BUR H1 22 Results & Case Duration

Last week, BUR reported H1 22 results. The most important takeaway is that the company is cash break-even and tangible book value per share (TBVPS) didn’t change.

Source: In Practise, Burford Capital 10-K
Source: In Practise, Burford Capital 10-K

This is mainly because cash realizations were slow; BUR is still seeing delays in case progression due to the backlog in courts from COVID. We recently discussed in more detail about BUR's lack of TBVPS growth over the last few years.

Although BUR-only commitments grew 4% YoY to $295m, a H1 record, deployments were down YoY to $128m. If we exclude the huge $138m deployment in H1 21 with the BOFC sidecar, ‘normal’ sized capital provision deployments actually grew in H1 22. However, we believe such outsized deals are now a regular part of BUR’s business and should be included in any YoY comparison.

Both deployment and realisations are slow. But management have always warned investors of this: they don’t know how or when cases will realise. And they likely won’t ever truly know. Because if they did, the beauty of capital markets would mean BUR wouldn’t be able to earn the underlying case ROI that it does today. BUR CEO warned us of this on the earnings call:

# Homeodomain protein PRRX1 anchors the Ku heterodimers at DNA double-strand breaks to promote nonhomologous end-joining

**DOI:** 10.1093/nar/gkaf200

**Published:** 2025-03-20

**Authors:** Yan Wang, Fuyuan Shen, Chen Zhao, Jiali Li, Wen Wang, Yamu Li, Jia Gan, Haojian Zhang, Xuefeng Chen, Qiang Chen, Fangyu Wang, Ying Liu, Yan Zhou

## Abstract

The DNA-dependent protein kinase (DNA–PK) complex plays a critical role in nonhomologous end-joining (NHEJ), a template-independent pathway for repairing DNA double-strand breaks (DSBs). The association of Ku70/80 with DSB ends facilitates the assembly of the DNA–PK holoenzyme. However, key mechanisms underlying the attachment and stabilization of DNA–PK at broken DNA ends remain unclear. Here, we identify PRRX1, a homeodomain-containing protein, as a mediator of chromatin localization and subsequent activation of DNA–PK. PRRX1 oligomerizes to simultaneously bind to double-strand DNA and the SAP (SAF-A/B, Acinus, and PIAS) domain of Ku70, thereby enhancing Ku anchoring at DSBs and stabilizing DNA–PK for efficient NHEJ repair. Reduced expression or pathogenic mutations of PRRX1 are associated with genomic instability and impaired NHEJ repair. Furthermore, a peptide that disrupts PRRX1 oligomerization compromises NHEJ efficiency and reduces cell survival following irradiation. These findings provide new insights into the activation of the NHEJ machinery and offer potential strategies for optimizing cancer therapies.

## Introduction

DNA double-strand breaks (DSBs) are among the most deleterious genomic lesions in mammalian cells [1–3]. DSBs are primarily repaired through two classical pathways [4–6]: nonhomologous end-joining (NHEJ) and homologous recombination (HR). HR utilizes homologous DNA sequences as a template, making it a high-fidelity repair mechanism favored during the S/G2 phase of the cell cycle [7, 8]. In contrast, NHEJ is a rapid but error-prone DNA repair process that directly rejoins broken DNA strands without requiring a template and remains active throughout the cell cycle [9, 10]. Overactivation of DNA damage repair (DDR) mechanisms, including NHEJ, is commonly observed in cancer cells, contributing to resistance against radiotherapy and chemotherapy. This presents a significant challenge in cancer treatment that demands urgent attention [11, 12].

There are too many idiosyncratic variables in the mix beyond just understanding generally how long it takes for cases to get through courts. And so, it is not something that we believe that we can do with the kind of accuracy and reliability that we would be comfortable doing publicly. I would say, would that we could. But on the other hand, if this business were entirely predictable as to both duration and outcome, then we would not be able to generate the returns that we can, I think, is the countervailing factor. - Burford Capital CEO, H1 22 Earnings

In fact, even if BUR did understand the duration of cases, would it be wise to communicate this publicly? Competitors could better assess the risk of litigation assets and arbitrage BUR’s return. Investors would also plug the duration into DCF’s so precisely that BUR would become closer to a bank than a specialty litigation financier.